Ever wanted to paint a river scene with beautiful clear water but just don't know how to get those rocks looking like they are under the water.
Example of a rocky river bed painting.
This is the easiest way I have found and it's very effective too.
Decide on the colours your river will be, think about what colour the river bed is rather than the water on top at this stage.
The rivers here in the Hawkes Bay are shades of earthy green in the summer. so that is how I have chosen my palette for this demonstration.
Sponge on your river bed colours. I have used yellow ochre, burnt umber, burnt sienna, and green. The sponge adds texture and more interest to your river bed. It will be less regular and it will help in picking out little rock shapes later on. Let dry.
Sponging on river bed colours
(There are two examples here.)
Step 2 River bed
Using water to thin down the paint, do a wash of mid green over the whole picture. This is now your river bed.
Glazing the river bed.
Step 3 Rocks
Now come the rocks. Just take some white paint and and make rock shapes where you want your rocks to show under the water. Keep the rocks on the flat side as the water will be distorting the shapes. Look at some pictures of rivers if you are unsure what shapes to make. We have smooth round like rocks here so I make mine Flat oval shapes. Do different sizes and try not to make a regular pattern.
Putting in the white base colour for the rocks.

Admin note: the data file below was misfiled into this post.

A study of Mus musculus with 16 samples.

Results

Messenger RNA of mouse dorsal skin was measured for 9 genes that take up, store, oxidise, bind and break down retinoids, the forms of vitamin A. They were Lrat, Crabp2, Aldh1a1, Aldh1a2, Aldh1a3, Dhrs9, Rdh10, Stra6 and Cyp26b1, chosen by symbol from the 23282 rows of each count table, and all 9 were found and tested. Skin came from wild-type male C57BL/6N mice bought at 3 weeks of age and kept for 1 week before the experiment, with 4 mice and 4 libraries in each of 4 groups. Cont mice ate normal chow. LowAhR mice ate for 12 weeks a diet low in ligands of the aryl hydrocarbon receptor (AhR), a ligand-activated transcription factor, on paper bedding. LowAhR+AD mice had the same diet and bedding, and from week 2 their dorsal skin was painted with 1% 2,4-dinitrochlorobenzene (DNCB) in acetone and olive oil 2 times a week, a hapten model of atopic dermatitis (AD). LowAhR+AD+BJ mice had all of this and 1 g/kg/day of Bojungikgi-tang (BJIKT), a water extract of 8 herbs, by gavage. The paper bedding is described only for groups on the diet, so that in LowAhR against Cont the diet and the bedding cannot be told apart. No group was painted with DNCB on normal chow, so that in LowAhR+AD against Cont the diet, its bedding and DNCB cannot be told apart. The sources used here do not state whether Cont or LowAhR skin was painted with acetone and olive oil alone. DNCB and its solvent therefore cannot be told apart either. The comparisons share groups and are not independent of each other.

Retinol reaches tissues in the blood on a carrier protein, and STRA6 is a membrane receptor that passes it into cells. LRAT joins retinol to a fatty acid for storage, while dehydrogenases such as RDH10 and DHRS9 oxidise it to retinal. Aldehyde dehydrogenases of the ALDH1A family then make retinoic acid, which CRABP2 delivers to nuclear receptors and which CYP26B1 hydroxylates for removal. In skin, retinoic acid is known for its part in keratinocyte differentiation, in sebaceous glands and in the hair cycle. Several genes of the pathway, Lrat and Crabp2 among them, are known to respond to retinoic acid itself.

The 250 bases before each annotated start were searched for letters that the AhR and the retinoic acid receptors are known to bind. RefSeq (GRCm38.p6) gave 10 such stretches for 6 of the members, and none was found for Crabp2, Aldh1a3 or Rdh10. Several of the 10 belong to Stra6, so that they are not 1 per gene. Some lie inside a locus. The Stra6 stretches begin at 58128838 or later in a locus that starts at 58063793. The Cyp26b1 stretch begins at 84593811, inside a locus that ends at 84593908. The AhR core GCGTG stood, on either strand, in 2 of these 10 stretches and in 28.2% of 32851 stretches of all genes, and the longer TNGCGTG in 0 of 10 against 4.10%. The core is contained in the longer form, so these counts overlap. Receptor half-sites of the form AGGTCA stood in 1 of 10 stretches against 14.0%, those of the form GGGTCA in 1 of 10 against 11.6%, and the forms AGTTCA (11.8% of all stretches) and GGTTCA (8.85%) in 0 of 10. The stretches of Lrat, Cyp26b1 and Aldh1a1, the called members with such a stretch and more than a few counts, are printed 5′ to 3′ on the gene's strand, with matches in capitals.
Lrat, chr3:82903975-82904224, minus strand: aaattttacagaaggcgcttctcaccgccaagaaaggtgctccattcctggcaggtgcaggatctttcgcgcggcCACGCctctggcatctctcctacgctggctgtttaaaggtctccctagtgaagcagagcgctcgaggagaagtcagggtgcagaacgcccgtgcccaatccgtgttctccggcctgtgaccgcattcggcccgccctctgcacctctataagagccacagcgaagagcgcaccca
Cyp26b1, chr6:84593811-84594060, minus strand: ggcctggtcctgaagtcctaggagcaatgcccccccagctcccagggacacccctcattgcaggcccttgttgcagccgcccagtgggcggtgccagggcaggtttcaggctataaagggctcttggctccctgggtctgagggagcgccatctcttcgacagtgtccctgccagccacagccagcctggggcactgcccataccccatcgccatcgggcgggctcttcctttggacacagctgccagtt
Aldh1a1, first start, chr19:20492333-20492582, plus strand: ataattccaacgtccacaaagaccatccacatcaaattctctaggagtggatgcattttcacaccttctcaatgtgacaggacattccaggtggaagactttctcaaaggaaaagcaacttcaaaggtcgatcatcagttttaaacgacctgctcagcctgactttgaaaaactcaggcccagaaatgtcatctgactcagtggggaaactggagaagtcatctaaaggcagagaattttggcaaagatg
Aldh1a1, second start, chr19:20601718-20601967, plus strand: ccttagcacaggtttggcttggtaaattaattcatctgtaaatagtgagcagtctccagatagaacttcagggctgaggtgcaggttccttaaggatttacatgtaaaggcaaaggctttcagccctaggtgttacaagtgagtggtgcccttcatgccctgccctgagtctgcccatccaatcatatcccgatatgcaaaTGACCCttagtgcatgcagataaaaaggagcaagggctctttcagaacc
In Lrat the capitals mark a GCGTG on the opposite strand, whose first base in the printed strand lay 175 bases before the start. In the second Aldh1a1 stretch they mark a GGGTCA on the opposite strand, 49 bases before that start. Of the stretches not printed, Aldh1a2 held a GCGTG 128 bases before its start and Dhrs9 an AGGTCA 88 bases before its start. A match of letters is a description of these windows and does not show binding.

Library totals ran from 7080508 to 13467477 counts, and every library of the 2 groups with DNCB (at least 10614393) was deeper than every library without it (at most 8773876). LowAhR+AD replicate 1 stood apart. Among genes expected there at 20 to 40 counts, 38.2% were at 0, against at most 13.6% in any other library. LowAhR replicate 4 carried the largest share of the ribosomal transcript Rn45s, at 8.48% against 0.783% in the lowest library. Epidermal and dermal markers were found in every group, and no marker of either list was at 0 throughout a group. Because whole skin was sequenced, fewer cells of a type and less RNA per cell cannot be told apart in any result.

Step 4 Rock Colour
Now use either water or glazing medium,( I use clear painting medium) Glaze some colour on your rocks, thinking about where they will be light and dark. You will notice that I don't use a rock colour here but the different water shades. I have used Yellow Ochre, Burnt sienna, and Blue.
Putting light and shadow colours on rocks.
Step 5 Water colour
Now I would recommend using a glazing medium, mix up some (In my case green) water colour and glaze over the whole river covering up the rocks. Don't make your glaze to dark here, you want to still see the rocks showing through.
Glaze over the rocks with your water colour
The good news is if you do find you have made the glaze to dark and you can't see your rocks anymore you can just go back to Step 3 and start over.
Here is an example.
Step 6 Shadows and details
Mix up some very dark colour but water it down so it is very runny. I have used an almost dark grey/purple. Using a liner brush outline your rock shapes and add in some random smaller rocks as well. Don't be to tidy it looks better if you use the brush very freely.
Step 7 Surface water
Paint in the surface water ripples. This is what will really make those rocks look under the water. The surface of the water will reflect the sky colour so choose a colour that will reflect that. I have chosen a light mix of ultramarine blue and white.
Step 8 Finial highlights
Use a touch of white or very pale highlight colour for the finial highlights on the ripples. Only add a very small amount of highlight, in this case less is more.
Finished! Now you can go and practice and then paint those rocky river beds whenever you want. Give it a try, It's a lot easier than you may think.